The Australian Men’s Shed Association (AMSA) and Where There’s a Will (Willo) have come together to increase awareness and inclusion for people with disabilities across the Men’s Shed community.

What’s involved?

There are a few ways you can be involved in the project, with the most simple being to transform a cricket bat into a piece of art to submit for the Men’s Sheds Bat for Will Exhibition (to be held in early 2023). You can read the Men’s Shed Bat for Will FAQs for more information.

Contact for information about the project and exhibition.

A growing number of Men’s Sheds around Australia have been involved with Willo. You can watch the AMSA Toolbox Talk Webinar Playback with Ange Clarke and John Kennis (Robertson Men’s Shed NSW) or visit the Willo website here:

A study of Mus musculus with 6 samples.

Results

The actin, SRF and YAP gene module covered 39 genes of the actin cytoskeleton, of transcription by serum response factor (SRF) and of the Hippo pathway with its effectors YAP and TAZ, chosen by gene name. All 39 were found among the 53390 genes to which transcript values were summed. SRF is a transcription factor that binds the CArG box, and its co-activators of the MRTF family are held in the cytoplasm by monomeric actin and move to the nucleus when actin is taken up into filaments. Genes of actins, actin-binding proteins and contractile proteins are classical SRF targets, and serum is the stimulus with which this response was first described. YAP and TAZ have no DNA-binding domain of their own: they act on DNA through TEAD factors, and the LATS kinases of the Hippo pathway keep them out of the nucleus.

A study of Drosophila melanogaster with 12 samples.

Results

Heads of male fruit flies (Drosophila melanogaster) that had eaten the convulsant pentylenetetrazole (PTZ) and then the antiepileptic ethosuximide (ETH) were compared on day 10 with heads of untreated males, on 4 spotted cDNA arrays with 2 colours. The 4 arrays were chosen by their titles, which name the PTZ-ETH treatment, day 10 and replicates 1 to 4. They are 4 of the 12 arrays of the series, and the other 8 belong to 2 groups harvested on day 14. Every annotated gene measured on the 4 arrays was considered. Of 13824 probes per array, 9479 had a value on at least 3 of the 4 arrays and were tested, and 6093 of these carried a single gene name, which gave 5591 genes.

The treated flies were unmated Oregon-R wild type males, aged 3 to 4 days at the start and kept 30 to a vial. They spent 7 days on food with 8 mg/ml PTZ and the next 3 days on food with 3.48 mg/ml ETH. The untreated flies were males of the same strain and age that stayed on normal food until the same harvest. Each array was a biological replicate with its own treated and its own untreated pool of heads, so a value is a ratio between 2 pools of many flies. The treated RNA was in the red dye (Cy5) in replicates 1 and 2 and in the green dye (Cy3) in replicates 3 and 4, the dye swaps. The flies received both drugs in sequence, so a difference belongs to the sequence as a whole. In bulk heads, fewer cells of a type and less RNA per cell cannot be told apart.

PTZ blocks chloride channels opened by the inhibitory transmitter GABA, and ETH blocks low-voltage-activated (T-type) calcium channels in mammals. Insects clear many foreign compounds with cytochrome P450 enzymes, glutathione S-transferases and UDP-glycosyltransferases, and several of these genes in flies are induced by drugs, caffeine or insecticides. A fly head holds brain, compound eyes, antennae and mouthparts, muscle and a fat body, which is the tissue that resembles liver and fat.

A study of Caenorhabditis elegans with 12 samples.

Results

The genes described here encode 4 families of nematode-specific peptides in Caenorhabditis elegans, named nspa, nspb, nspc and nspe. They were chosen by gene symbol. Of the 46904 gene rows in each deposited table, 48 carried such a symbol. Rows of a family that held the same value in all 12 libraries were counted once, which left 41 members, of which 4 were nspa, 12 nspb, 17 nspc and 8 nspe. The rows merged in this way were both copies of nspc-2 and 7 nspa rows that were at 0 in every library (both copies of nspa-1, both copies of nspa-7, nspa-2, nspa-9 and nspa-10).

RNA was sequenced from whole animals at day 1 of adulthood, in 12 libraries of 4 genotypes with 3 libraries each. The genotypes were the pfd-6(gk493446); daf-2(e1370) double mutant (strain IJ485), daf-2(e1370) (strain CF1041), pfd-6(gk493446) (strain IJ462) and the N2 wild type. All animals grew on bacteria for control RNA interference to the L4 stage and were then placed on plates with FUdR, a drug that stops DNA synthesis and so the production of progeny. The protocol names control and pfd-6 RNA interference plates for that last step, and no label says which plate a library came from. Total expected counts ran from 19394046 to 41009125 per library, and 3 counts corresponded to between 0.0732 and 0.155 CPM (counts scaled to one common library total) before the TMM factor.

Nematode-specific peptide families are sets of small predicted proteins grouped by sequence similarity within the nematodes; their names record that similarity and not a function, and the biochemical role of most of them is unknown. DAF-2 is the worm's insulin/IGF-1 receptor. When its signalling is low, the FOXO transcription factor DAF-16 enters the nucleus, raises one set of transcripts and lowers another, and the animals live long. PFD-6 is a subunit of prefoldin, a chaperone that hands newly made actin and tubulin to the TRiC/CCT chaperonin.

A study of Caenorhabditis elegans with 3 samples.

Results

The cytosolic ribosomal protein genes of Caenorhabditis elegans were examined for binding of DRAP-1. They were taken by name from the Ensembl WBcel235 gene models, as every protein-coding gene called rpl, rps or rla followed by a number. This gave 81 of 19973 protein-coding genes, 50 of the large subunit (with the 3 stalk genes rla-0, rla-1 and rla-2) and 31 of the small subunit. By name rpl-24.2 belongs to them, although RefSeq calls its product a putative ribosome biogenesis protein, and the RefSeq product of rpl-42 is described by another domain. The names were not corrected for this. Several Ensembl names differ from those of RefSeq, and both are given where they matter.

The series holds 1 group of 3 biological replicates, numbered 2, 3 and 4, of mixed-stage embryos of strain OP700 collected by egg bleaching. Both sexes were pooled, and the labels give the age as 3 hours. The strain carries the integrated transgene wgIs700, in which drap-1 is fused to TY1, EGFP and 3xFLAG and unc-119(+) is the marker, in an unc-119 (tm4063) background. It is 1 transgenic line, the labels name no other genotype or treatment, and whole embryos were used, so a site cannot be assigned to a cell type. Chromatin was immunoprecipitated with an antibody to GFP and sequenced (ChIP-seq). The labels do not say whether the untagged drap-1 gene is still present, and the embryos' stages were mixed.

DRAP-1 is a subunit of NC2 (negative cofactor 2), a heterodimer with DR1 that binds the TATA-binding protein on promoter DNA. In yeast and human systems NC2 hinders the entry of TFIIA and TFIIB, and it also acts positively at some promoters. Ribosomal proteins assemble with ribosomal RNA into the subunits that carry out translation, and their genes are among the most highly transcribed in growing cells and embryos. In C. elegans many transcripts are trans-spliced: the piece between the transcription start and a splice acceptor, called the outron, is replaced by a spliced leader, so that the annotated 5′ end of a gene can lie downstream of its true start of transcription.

Together with Ange Clarke from Willo, we officially launched the Men’s Sheds Bat for Will project at Willo’s Men’s Shed (SA) last week. Willo’s Men’s Shed has an existing program including neurologically diverse young men in shed activities.

“Including these young people into the Men’s Shed can be very rewarding. Not only for the lads but for the shed as well. Your members will grow along with the lads. To watch them gain confidence as they attend and learn from the shedders is fantastic to see,” said Willo’s Men’s Shed President Dave Clarke at the launch.

“Through this collaboration we hope to create significant change for people in communities throughout Australia and create more awareness and understanding about our neighbours who simply live and see life differently,” says Ange Clarke (Willo Founder and CEO).

Contact for information about the project and exhibition.

Below: Marty Leist (AMSA), Ange Clarke (Willo) and Dave Clarke (Willo’s Men’s Shed) at the Willaston launch of the Men’s Sheds Bat for Will project.